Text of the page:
Tracking the Multiscreen Shopper
Among all of the behaviors the contemporary marketer must track, cross-screen shopping is one of the fastest moving targets. As I have said to the point of tedium, device activity is a series of concurrently evolving elements that are different now than they were just a year ago. We not only have ever-higher penetration of different-sized screens, but as a result we have both users and retailers shifting their own use of these devices as technologies and habits change. Any numbers we trade are not only highly variable according to source, but they are at best a snapshot of a changing situation.
And they are deeply dependent upon category. That is one of the biggest takeaways I got from Bill Romania of GfK at last week’s Mobile Insider Summit. Romania was giving us a slice of the most recent survey his company did of shoppers worldwide to understand how they are moving across channels to consider and make purchases. But the range of so-called “omnichannel” (we may dub that the official word of the Summit) behaviors is considerable once you slice the data into product categories. In the U.S., for instance only 14% of cleaning supply purchasers are making decisions outside of the store experience, which is to be expected. But I was surprised to see a category like Beauty and Personal products also fairly low on the omnichannel scale (31%), considering the amount of branded digital content and advertising thrown at that category.
But don’t expect the omnichannel urge to remain static. For instance, in Asia-Pacific countries, the share of consumers shopping both online and in-store for food and beverages is huge: 51% in Korea and 46% in China. The suggestion is that there is upside potential in just about every category. Romania showed scenarios where in China people are using their mobile devices to secure beverage purchases off outdoor signage, and even trial programs in the U.S. of Peapod and Giant letting people make home delivery orders off delivery trucks using bar-code scanning.
Speaking of bar-code scanning, the amount of in-store smartphone activity remains contested. For all of the stats suggesting showrooming activity using personal devices, there is that nagging experiential issue: We don’t actually see as much of it going on when we're in brick-an- mortar outlets. GfK’s survey of U.S. shoppers shows a very diverse use of devices in and around the physical retail experience, with 37% of consumers saying they had seen a product in store and then purchased it on their phone elsewhere, up from only 22% last year. This is the retail nightmare scenario, or what we might call getting “Amazon-ed.” But it is not the only scenario. At the same time, 31% of respondents said they were seeing a product in a retail store and then later buying that product from the retail brand’s online presence.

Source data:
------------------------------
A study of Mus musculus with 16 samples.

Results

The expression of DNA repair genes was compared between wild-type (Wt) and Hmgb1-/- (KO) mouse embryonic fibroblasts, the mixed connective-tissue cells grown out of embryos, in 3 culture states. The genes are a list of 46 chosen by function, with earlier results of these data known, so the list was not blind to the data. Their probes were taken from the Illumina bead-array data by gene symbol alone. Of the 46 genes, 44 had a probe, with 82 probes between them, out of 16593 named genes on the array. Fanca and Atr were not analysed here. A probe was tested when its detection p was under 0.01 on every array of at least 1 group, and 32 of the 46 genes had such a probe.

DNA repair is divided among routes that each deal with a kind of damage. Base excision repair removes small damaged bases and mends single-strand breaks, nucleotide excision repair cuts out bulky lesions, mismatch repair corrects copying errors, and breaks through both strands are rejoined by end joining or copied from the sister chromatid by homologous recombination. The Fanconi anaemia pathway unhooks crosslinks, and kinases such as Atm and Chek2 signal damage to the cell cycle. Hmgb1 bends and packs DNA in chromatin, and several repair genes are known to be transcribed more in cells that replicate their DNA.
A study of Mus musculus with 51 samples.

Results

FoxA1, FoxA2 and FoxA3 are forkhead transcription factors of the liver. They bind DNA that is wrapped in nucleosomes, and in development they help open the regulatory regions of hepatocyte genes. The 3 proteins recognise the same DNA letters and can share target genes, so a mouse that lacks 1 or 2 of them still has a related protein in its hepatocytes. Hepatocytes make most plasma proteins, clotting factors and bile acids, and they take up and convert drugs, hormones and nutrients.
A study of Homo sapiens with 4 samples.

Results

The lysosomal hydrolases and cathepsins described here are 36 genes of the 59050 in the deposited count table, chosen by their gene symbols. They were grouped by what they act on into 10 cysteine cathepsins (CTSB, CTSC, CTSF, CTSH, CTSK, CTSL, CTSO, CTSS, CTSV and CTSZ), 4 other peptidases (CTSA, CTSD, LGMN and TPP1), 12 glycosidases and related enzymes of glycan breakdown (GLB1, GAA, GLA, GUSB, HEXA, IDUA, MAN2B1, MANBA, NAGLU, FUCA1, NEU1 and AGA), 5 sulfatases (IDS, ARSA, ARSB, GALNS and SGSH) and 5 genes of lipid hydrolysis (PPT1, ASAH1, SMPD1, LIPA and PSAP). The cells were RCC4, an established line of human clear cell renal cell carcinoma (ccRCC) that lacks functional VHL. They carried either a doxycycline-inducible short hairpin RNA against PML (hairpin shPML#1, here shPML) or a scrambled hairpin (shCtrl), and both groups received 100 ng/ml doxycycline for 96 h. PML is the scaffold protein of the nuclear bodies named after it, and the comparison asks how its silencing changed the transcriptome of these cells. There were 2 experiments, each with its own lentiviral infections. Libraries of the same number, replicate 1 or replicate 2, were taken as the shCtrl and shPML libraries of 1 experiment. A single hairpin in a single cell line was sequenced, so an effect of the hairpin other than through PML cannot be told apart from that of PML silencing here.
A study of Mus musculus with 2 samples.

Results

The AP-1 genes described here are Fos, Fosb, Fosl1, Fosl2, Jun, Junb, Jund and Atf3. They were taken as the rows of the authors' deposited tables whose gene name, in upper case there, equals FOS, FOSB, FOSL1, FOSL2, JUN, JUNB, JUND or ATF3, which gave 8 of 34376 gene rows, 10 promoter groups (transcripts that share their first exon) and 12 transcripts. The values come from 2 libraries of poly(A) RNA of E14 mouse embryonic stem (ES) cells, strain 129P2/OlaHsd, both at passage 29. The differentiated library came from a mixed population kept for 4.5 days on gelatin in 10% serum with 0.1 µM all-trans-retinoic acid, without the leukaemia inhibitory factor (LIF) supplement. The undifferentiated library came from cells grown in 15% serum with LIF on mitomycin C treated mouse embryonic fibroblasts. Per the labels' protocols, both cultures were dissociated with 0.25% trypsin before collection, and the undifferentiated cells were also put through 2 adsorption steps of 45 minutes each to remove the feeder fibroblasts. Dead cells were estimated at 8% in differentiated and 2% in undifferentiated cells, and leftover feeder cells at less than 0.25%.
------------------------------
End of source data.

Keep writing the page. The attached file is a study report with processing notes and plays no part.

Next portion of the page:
As Romania relayed at the summit, the only real way to understand this complex web of user shopping behaviors is to be able to move away from simple user surveys and actually track people in
the wild and tie that data back to online and device activity. He revealed that some of the same cell tower geolocation data now provided to government agencies by the carriers will be made available
to marketers via a third party.
This de-identified data set will give a much more nuanced picture of how people shop. It will also allow for an opt-in panel of participants whose online behaviors can be linked to offline activity. These patterns then could be extrapolated to the larger population for a clearer understanding of cross-screen activities leading to purchases.
This kind of highly detailed geolocation data will allow for a new range of products that can help retailers see how online activity is converting to retail traffic. But it might also help retailers better understand how people are moving within a shopping area, the actual sources of foot traffic, and the clusters of retailers consumers visit.
That this will be dynamic data is all the more important, because if recent history is any guide, omnichannel behaviors will be different a year from now.